Physical Well-Being
A grandmother and her grandchild eat watermelon together to stay hydrated.

Your body needs many different things in order to function. Air helps you breathe. Eating enough food gives you energy. And drinking enough water is a key part of preventing dehydration — yet many people struggle to get enough fluids each day. 

Water plays a big role in helping your body stay at the right temperature and removing waste. Every day, your body loses about 64 ounces of water when you exhale, sweat, and urinate. You replace most of this by drinking fluids and by eating. Factors like physical activity, extreme heat, and high humidity in the summer months can cause you to lose even more water. If you lose more water than you take in, you can become dehydrated. 

Here are some important tips that can help you prevent dehydration and get the fluids your body needs to be at its best.

Who’s at Risk for Dehydration

Dehydration — which occurs when your body loses more fluid than it takes in — is a serious health risk. It’s most often associated with heat waves, but dehydration can happen at any time of year, especially if you have an illness that causes diarrhea, vomiting, fever, or sweating. 

Medications that increase urination, including some antihistamines and blood pressure medications, can also dehydrate you. If you have a chronic illness that affects your kidney function, such as diabetes, you are at a higher risk for dehydration. 

Older adults also become dehydrated easier. As we age, our bodies do not hold on to water or respond to extreme heat and humidity as well as they once did.

When it comes to caring for your aging loved one, VNS Health offers comprehensive senior care options so you can be confident they’re getting the help they need to stay safe at home.

Warning Signs of Dehydration

You may not always feel thirsty when you are dehydrated. For example, your sense of thirst decreases with age, so by the time you feel thirsty, you may already have lost too much fluid.

Rather than go by thirst, go by the color of your urine. It should be clear and light yellow. Dark or amber-colored urine is a sign of severe dehydration. 

Other signs of severe dehydration include:

  • Little or no urine
  • Dry skin (it stays folded when pinched)
  • Irritability, dizziness, or confusion

Preventing Dehydration

Not getting enough fluids, especially if you are physically active or it is hot outside, is the most obvious cause of dehydration, but it isn’t the only one.

It’s important to stay hydrated all year long, especially when:

  • Winter rolls around. Indoor air can dry skin and mucous membranes, so your need for fluids increases. In addition, you may need to replace sweat lost while wearing heavy clothing.
  • You notice the first sign of illness, like a cold. Increasing your water intake is important if you are sick. If your dehydration is caused by diarrhea, avoid fruit juice, sodas, and caffeinated beverages.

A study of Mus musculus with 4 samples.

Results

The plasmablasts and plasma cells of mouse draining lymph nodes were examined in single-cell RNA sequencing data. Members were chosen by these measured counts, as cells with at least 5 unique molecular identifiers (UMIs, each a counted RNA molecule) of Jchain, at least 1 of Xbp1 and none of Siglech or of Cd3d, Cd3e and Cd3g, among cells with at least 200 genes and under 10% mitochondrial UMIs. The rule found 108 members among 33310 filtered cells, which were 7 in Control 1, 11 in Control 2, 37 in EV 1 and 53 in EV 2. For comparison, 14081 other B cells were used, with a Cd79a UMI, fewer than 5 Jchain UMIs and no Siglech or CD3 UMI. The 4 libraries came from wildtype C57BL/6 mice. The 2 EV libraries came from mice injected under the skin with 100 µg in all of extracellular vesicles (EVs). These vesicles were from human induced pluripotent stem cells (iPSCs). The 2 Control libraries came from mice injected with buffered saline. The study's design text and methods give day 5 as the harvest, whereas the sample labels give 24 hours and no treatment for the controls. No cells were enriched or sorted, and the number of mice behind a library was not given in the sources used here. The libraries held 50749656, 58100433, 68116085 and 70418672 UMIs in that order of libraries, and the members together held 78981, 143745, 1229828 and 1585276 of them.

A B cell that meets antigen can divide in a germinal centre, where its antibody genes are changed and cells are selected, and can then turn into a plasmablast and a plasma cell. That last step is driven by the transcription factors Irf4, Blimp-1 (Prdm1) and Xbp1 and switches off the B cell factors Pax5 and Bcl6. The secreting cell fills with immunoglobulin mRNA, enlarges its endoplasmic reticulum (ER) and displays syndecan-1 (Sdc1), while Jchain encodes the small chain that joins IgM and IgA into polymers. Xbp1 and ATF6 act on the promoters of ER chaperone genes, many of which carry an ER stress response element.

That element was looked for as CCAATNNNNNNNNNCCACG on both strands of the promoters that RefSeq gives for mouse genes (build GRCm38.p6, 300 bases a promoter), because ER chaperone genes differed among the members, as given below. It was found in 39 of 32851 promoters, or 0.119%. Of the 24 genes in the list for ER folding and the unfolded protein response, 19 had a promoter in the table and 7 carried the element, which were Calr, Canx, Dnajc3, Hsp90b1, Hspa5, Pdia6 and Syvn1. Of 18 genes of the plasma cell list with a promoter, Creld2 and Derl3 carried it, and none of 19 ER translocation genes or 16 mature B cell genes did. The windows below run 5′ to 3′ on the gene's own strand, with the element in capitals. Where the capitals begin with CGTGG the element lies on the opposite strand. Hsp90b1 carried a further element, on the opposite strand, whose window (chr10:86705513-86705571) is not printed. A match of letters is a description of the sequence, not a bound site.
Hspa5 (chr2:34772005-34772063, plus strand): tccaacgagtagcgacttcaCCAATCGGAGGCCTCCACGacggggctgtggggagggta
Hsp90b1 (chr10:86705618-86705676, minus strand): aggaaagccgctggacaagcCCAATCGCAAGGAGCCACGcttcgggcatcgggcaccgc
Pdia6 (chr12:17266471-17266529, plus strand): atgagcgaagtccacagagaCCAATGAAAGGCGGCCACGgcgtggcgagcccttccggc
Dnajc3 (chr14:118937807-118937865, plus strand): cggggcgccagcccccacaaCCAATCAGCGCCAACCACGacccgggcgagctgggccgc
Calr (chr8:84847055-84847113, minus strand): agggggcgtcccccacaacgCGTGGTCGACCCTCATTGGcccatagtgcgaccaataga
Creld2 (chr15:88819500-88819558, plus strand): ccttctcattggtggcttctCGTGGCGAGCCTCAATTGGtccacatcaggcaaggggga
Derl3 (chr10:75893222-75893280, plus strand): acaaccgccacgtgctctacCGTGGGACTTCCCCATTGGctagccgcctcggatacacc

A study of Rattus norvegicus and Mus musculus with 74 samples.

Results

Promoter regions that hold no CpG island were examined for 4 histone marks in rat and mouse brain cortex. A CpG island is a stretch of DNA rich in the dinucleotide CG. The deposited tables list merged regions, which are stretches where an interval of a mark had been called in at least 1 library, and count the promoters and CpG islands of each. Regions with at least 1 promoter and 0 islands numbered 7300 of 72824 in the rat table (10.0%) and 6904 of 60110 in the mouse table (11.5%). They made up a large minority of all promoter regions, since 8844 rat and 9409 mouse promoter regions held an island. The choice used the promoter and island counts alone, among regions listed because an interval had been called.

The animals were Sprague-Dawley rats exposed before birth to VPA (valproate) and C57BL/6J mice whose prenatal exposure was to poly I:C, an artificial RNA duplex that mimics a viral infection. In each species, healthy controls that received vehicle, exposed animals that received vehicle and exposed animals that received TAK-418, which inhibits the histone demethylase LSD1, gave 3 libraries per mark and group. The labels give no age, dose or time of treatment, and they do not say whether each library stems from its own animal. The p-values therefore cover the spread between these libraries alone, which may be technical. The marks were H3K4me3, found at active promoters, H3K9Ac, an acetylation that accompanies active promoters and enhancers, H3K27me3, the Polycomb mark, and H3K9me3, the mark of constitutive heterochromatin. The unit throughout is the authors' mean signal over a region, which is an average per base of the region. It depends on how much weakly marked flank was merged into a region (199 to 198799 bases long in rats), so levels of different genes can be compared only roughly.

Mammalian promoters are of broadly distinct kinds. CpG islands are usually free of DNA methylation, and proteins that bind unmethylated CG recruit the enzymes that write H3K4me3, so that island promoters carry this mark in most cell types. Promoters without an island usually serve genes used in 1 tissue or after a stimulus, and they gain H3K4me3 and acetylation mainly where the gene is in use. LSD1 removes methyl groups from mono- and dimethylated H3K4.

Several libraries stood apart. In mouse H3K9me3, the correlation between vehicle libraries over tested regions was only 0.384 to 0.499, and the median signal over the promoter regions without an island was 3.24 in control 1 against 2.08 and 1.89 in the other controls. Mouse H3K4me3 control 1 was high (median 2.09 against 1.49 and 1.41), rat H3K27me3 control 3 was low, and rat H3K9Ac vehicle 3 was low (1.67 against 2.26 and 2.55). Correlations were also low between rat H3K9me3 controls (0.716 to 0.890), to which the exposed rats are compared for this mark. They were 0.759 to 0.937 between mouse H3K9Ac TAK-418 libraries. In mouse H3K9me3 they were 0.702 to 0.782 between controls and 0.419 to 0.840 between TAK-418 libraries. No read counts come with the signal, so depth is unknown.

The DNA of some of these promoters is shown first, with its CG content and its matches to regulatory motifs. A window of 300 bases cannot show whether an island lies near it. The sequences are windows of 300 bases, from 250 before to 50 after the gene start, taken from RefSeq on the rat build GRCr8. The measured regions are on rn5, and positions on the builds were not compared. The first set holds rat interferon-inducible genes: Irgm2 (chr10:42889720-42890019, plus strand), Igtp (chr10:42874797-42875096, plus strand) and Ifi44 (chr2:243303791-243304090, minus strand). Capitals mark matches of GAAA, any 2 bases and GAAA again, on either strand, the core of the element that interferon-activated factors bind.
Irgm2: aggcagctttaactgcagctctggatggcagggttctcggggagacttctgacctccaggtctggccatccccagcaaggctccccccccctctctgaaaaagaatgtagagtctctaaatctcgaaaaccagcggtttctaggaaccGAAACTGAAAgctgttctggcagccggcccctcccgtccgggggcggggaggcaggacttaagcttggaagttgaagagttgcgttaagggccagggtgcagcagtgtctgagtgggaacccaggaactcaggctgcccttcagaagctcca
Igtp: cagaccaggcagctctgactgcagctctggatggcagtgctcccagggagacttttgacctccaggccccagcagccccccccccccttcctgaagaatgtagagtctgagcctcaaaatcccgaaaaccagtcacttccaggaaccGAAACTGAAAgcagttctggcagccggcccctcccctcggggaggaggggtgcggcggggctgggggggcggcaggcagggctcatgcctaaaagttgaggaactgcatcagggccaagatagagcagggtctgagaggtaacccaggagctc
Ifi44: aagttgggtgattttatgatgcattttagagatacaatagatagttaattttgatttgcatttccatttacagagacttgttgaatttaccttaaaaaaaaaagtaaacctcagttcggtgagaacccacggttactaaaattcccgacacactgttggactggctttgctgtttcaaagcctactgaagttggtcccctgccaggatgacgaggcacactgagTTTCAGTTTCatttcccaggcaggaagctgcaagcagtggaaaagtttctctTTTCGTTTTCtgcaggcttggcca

• It’s hot or humid outside. When it’s warmer, additional water helps keep your body cool and hydrated.

Eat and Drink to Stay Hydrated

For most of us, drinking plenty of fluids and eating foods with a high water content — including most fruits and vegetables — can keep our bodies properly hydrated. 

To help you stay hydrated, you can:

  • Drink six to eight glasses of fluid every day. (This amount includes the water both in foods and in beverages.)
  • Try to get most of your daily fluid from water. Water is the best fluid for hydration because it has no calories, sugar, carbonation, or preservatives.
  • Limit fruit juices, sodas, and fitness waters because they contain sugars that can make you feel thirsty.
  • Eat fruits and vegetables high in water, such as grapes, oranges, cantaloupe, honeydew melon, watermelon, apples, tomatoes, lettuce, cucumbers, and celery. See the table below for other hydration-boosting foods.
  • Avoid or limit coffee, tea, alcohol, and sodas containing caffeine. These drinks increase urination, causing you to lose water faster.

Make Hydration a Part of Your Daily Routine

Preventing dehydration is a key part of staying healthy, and there are many ways you can make sure you’re getting enough fluid each day. 

Try to work hydration into your daily routine by:

  • Having a glass of water when you wake up in the morning.
  • Keeping a glass of water next to your bed at night.
  • Carrying a water bottle with you if you are away from home for long periods of time.
  • Avoiding the midday sun and limiting physical activity when it is very hot outside.
  • Scheduling outdoor activities in the morning or evening.

How Much Water Do You Need to Prevent Dehydration?

Most adults need about 64 ounces (half a gallon) of fluids every day, but that amount goes up with heat and humidity. How much fluid you need each day can also change based on how active you are, what medications you take, and other factors.

Before you guzzle a half gallon of water, remember that most fluids count toward your 64 ounces, as do many foods. Raw fruits and vegetables have a high water content as well and can help you stay hydrated.

Foods That Boost Hydration

This table gives the water content in various foods and the amount of each you need to eat to obtain about ½ cup (4 ounces) of water.

 Food Portion Water Content
 Cucumber 1 cup, peeled and sliced 96%
 Tomato 1 medium 94%
 Watermelon 1 cup, diced 92%
 Bell pepper¾ cup, sliced 92%
 Grapes 1 cup 92%
 Cantaloupe 1/10 (a small wedge) 90%
 Orange 1 medium 87%
 Blueberries 1 cup 85%
 Apple 1 medium 84%

By drinking enough fluid each day and knowing the symptoms of dehydration, you can help your body to stay healthy.